September 18, 2013 11:27 pm

JPMorgan braced for action over ‘whale’


People familiar with the situation said the actions of a London-based executive were likely to receive the most serious scrutiny, with an accusation from the UK’s Financial Conduct Authority that he did not act in good faith in dealing with officials’ inquiries.

JPMorgan lost more than $6bn last year in a London division of its chief investment office when traders placed a botched position on credit derivatives. Jamie Dimon, chief executive, initially referred to the position as a “tempest in a teapot” in an April 2012 earnings call before revealing large losses.

In the same call, Doug Braunstein, then chief financial officer, said the positions in question were “fully transparent to the regulators [who] . . . get information on those positions on a regular and recurring basis as part of our normalised reporting”.

But an investigation by a powerful US Senate committee found that the Office of Comptroller of the Currency, the bank’s primary regulator, was not aware of the specific positions. John McCain, the committee’s leading Republican, accused bank executives of “deception”.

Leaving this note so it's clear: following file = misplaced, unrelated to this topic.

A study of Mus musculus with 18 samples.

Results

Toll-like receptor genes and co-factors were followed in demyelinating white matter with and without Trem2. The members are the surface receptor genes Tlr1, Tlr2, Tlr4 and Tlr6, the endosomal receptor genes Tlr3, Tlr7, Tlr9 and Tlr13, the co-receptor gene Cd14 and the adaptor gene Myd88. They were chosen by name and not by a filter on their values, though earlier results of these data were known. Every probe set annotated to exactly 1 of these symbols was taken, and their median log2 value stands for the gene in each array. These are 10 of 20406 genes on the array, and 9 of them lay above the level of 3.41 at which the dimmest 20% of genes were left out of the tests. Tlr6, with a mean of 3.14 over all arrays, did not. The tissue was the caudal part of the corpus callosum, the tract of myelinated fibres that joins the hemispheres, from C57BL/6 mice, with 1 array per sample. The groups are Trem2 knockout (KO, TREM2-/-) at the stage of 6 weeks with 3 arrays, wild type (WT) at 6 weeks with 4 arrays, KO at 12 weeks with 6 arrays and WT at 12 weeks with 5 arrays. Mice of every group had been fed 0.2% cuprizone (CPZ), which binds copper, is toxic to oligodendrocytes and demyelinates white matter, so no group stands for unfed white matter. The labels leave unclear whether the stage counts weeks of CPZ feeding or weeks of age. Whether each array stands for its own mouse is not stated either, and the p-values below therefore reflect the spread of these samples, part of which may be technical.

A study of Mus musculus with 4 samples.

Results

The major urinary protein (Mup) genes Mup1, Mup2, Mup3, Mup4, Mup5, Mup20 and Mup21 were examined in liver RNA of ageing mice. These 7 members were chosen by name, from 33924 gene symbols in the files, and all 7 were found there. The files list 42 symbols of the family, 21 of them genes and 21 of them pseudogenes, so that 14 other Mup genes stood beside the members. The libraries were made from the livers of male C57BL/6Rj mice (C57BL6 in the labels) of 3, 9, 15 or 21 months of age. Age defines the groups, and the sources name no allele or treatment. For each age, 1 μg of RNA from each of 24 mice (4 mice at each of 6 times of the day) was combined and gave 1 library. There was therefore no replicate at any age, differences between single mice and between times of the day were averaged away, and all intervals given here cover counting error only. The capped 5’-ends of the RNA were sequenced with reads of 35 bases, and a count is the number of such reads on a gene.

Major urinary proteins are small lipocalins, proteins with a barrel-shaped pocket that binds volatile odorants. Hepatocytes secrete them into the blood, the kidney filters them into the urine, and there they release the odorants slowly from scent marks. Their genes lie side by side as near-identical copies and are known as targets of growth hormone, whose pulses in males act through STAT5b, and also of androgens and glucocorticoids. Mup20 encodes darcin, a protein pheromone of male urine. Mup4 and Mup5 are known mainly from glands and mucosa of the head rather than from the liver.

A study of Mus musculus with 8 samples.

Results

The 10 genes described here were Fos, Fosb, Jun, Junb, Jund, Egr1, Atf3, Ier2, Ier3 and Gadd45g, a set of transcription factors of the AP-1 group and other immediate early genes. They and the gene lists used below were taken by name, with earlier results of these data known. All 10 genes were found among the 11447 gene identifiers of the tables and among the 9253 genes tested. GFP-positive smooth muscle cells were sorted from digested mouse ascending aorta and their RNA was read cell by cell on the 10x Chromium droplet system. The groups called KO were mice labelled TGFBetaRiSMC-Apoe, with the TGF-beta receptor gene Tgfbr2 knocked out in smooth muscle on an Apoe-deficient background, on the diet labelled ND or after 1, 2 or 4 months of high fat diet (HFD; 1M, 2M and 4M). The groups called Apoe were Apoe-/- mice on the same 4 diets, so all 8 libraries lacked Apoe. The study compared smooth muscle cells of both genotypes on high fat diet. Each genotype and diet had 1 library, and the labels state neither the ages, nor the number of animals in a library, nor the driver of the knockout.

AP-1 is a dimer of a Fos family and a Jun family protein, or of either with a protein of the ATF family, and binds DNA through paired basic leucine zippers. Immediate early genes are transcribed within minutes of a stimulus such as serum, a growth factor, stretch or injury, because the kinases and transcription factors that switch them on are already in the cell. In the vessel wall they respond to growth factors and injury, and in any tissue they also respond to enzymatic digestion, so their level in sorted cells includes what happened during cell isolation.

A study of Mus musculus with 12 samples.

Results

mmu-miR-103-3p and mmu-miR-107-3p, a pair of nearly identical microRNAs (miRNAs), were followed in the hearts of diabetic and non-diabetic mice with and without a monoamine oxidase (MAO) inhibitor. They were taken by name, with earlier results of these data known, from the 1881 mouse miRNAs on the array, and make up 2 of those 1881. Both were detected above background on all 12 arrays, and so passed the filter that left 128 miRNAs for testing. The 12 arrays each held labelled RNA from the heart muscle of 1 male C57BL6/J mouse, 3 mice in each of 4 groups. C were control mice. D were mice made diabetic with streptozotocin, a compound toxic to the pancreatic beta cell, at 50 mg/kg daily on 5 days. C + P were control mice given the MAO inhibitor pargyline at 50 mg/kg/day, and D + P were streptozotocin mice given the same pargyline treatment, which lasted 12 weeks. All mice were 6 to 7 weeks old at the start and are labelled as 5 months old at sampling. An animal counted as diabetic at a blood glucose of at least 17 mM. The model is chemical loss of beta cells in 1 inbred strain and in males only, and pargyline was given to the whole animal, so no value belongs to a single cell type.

The regulatory action is expected to penalise the bank for a variety of failures to provide accurate information about its trading positions, according to people familiar with the case. But it is not expected to single out the top layer of JPMorgan executives on the bank’s operating committee.

The action on Thursday, in which the bank will pay more than $800m, is expected to involve the Federal Reserve and Securities and Exchange Commission in addition to the UK regulator. But the biggest penalty, according to two people familiar with the case, could be demanded by the OCC, which has often been considered in Washington as a relative lightweight to other banking supervisors.

The OCC has become more aggressive against the banks it regulates and in December obtained a record $500m fine from HSBC for failing to correct shortcomings in its anti-money laundering compliance programme.

As previously reported by the FT, Thursday’s settlement will not resolve the matter completely for the bank as the Commodity Futures Trading Commission and US attorney’s office in Manhattan continue to investigate the trading blunder. The CFTC is pushing the bank to admit it manipulated a credit derivatives index called IG9. The agency can bring a case alleging the bank was reckless in manipulating the market or did it intentionally.

Last month, when prosecutors charged two former London-based traders with hiding hundreds of millions of dollars in losses, US attorney Preet Bharara said the criminal investigation was continuing. Authorities specifically highlighted shortcomings in the bank’s compliance department, with a senior FBI official saying it was “little more than a rubber stamp.”